Is Mike Mickens Ready to be Notre Dame’s Future DC?

October 31, 2023

The Fighting Irish limits opponents to 4.45 yards per play (10th out of 133 FBS programs) and 15.3 points per game (10th). ESPN’s SP+ rates the defense as the eighth most efficient unit in college football. 

Given the improvements, defensive coordinator Al Golden should have plenty of suitors if he is, in fact, interested in pursuing the same position in the NFL or taking another shot at becoming a head college football coach. 

Cornerbacks coach and pass game coordinator Mike Mickens clearly has the potential to replace Golden should Notre Dame’s current defensive coordinator depart after the season.

“As far as the schematics, he has a brilliant mind,” coach Marcus Freeman said. “They’re all in that defensive room collaborative on the game plan, but I firmly believe Mike Mickens is ready to be a defensive coordinator.”

The most significant attribute on Mickens’ resume is as Notre Dame’s pass game coordinator, a promotion he received this past offseason. This also happens to be the strength of the defense. 

The pass defense ranks third in opponent pass efficiency and offensive production allowed, giving up 158.6 yards per game. That’s occurred despite Notre Dame facing a host of talented and experienced quarterbacks, including reigning Heisman Trophy winner Caleb Williams.

In 2022, the Irish ranked 41st and 23rd in the same defensive categories while giving up 198.0 pass yards per game.

“I absolutely think Mike Mickens is ready to be a defensive coordinator,” Freeman said. “That’s why we gave him the passing game coordinator title during the offseason. He is a tremendous football coach schematically and in the fundamentals of playing the cornerback position.”

It helps that he’s also cultivated what might be the most talented collection of cornerbacks in the nation.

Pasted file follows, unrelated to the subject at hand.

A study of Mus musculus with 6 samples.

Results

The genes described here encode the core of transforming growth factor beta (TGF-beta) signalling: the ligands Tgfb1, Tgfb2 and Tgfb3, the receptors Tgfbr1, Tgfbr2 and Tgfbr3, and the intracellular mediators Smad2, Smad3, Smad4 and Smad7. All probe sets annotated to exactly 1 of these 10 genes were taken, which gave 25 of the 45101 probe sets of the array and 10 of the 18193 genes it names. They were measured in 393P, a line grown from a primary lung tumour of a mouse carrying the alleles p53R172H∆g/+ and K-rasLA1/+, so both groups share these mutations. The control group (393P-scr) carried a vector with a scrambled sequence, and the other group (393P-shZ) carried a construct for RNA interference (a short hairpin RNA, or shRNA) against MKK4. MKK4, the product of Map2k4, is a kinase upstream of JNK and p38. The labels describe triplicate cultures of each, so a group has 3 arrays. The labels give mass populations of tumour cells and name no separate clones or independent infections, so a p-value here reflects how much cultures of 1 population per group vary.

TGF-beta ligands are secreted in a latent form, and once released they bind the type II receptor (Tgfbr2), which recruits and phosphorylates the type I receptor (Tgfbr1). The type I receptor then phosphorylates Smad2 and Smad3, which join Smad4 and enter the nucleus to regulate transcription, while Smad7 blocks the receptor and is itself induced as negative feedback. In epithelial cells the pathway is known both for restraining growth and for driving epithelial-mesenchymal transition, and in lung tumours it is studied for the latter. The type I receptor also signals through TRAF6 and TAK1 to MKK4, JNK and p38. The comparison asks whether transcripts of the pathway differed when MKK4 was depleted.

Sophomore Ben Morrison was named a preseason second-team All-American after recording six interceptions as a freshman. 

He’s defended eight passes this season, including two interceptions, and held OSU’s Marvin Harrison Jr. to three catches and 35 yards. The Buckeye wideout has recorded at least six receptions, over 100 yards, and a touchdown in the four games since. 

A few analysts even believe Morrison would be a first-round NFL Draft pick in 2024 if he were eligible. 

Mickens didn’t recruit Cam Hart, but he’s overseen the former three-star prospect’s transition from wide receiver to a three-year starter at cornerback and likely day 2 draft pick. 

Of course, fans recently saw that underclassmen Jaden Mickey and Christian Grey are already prepared for bigger defensive roles. 

On Saturday, both played more than 30 snaps in a 58-7 win over Pitt, each recording an interception while giving up a combined four receptions for 57 yards on 11 targets.

“It’s been a blessing having coach Mickens as a coach,” Mickey said in August. “He believes in all of us. He’s been great developing us and letting us do what we know how to do and also adding things to our game, adding things to our toolbox to ensure we do it the right way.” 

His pedigree for identifying talent extends back to his time at Cincinnati, where he unearthed Ahmad "Sauce" Gardner, the 144th-rated cornerback prospect in the class of 2018. 

Flash forward to today, Gardner is already considered one of the best cornerbacks in the NFL less than two seasons into his professional career.

Last year, he was named First-Team All-Pro and the NFL Rookie of the Year.

“One of the greatest things he does is the way he evaluates,” Freeman said. “I’ve said this story before, but at Cincinnati, I wasn’t standing on the table for Sauce Gardner when we started recruiting him. Mickens did. Mickens said this is the guy that we need here. We knew right away when he got to campus that he was special.”

It’s unclear how his keen eye for talent translates to linebacker or defensive end, but the culture he’s established is a major part of the development process for anyone that’s around him. 

“I wanted the room to take after me,” Mickens said in August. “When we go on the field, we want to compete in everything we do. Changing that mindset and just getting guys that want to be the best version of themselves. That’s what I think this room is.”

That same mentality could translate to the entire defense.

It’s no wonder that Freeman is willing to stand on a table and proclaim that Mickens is ready to become a defensive coordinator. The pass defense has excelled with his guidance, and he can identify, recruit and develop the best players in the country. 

Now, one question remains: will he garner the promotion he’s earned at Notre Dame or elsewhere?